Supporting Women and Girls in Science

The New England Aquarium is an institution that knows girl power! We’re proud to highlight that power today, the International Day of  Women and Girls in Science, a global initiative that aims to achieve gender equality through full and equal access to science for women and girls.

“Aquariums do more than just educate. We conserve, we inspire, and we empower,” said New England Aquarium President and CEO Vikki Spruill. “From the girls visiting the Aquarium on school trips to the dedicated scientists spending long days in the field to CEOs like me, we know women are a vital part of protecting our blue planet.”

The ocean belongs to everyone, men and women, boys and girls, and at the New England Aquarium, we are working hard to create an inclusive environment for visitors, volunteers, and employees alike. In a world where less than 30 percent of science jobs are filled by women, we’re proud that two-thirds of New England Aquarium employees are female!


See our staff and scientists on the job! 

Some other cool stats:

  • More than half of the staff at the Aquarium’s Anderson Cabot Center for Ocean Life is female.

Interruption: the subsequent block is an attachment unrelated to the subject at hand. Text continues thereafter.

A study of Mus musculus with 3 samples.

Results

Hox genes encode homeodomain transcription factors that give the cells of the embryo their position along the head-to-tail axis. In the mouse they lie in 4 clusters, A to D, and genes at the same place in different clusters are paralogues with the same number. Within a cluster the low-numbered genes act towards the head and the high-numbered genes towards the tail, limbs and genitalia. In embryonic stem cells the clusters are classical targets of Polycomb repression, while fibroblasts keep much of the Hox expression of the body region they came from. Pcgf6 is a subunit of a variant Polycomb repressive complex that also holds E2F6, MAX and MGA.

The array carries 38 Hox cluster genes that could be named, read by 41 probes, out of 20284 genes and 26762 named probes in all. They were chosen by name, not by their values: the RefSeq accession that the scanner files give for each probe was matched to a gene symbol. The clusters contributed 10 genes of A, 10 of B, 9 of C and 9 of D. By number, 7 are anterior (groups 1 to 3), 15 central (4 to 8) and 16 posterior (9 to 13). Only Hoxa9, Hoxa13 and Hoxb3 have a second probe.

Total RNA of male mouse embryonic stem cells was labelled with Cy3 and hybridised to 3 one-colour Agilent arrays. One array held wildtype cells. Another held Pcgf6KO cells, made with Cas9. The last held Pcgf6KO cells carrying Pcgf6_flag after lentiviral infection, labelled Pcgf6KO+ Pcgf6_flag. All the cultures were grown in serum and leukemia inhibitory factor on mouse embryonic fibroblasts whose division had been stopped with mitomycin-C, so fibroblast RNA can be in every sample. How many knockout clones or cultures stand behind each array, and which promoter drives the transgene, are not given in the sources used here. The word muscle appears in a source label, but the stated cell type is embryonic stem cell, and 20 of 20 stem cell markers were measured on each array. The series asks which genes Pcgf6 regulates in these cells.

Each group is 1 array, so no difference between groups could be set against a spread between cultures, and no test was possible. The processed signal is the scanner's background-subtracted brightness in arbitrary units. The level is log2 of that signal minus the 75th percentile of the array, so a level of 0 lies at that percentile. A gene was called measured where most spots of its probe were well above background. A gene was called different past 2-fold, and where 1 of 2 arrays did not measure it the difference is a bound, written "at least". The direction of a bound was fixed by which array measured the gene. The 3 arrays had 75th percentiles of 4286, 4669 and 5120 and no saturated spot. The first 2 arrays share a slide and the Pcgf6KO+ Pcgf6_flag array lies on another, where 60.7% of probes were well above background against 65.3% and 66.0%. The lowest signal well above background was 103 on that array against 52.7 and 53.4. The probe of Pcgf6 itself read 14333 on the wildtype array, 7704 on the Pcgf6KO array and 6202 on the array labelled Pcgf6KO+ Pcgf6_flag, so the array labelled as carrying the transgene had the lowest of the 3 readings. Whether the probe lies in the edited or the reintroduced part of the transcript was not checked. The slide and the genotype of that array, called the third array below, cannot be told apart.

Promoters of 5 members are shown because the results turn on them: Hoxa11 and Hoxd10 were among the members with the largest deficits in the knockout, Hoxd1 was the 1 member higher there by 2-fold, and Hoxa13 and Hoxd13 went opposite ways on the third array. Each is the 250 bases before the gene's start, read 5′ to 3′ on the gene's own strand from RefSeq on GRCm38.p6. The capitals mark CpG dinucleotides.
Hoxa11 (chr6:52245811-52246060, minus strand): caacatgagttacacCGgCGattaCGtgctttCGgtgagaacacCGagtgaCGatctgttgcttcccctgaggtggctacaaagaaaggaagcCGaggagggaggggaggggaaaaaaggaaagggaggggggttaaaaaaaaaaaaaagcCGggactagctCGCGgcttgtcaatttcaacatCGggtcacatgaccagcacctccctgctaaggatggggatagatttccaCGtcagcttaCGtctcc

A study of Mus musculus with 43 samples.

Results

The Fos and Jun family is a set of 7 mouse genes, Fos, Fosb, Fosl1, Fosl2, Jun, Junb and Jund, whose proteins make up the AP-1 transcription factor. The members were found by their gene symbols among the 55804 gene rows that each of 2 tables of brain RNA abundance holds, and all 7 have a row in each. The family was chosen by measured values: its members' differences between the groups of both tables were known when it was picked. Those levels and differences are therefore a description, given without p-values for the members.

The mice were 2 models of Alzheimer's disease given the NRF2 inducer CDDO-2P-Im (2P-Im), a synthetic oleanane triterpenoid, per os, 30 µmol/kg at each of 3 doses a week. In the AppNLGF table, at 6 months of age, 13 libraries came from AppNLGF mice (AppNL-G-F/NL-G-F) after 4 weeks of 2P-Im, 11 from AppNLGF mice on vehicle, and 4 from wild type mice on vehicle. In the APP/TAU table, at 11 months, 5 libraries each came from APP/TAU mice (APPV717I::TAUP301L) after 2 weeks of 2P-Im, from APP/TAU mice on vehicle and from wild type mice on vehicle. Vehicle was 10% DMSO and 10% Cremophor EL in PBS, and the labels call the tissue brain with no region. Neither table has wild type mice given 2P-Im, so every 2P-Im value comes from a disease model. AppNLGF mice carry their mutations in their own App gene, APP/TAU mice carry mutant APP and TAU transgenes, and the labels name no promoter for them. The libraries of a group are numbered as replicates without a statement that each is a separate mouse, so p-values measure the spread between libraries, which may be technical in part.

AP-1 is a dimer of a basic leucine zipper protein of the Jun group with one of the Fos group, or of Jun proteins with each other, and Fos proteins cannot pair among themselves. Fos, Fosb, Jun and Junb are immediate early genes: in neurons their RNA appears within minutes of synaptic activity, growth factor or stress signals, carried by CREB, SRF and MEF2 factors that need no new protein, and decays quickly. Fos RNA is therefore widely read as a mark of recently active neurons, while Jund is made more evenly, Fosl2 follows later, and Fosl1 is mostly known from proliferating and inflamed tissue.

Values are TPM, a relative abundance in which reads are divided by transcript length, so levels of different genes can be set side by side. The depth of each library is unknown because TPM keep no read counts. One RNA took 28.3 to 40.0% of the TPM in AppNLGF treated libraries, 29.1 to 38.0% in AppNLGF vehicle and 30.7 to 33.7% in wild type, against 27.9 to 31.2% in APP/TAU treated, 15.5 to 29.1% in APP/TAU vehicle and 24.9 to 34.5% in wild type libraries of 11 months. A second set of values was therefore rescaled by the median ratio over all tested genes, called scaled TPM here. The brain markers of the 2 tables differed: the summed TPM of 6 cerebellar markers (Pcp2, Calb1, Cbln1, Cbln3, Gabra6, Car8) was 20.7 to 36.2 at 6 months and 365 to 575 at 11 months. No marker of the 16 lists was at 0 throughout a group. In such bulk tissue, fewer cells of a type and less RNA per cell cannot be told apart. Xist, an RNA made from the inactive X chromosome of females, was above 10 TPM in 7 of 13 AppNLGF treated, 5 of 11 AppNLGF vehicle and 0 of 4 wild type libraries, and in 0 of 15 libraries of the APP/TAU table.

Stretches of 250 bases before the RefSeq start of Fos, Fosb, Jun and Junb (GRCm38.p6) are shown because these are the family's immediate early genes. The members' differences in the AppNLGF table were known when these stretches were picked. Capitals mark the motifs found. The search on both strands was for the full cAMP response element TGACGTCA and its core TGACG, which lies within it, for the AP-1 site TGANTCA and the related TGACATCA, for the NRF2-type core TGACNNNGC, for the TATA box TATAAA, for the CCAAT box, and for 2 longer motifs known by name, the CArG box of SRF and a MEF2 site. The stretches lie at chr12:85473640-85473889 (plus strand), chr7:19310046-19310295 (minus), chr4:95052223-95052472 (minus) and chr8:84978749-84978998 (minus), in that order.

• 72 percent of Aquarium volunteers are women! 
  • Women scuba dive in every department here at the New England Aquarium, as both staff and volunteers, to help care for our animals.
  • Since it was founded, the Marine Conservation Action Fund has supported 53 conservation projects led or co-led by women around the world.

Hear straight from our female staff!

  1. garden eel pooping

    What Goes In, Must Come Out

    While many people feel a bit weird talking about this topic, poop is indeed a fact of animal life and good for the aquatic environment.


    A Penguin Supercolony

    A previously unknown “supercolony” of 1.5 million Adélie penguins was discovered in 2018 on the Danger Islands, a cluster of islands off the tip of Antarctica.


    The Secrets of Seal Scat

    Scientists in the Anderson Cabot Center for Ocean Life are using fecal samples to study the endocrinology of the northern fur seals living at the New Balance Foundation Marine Mammal Center.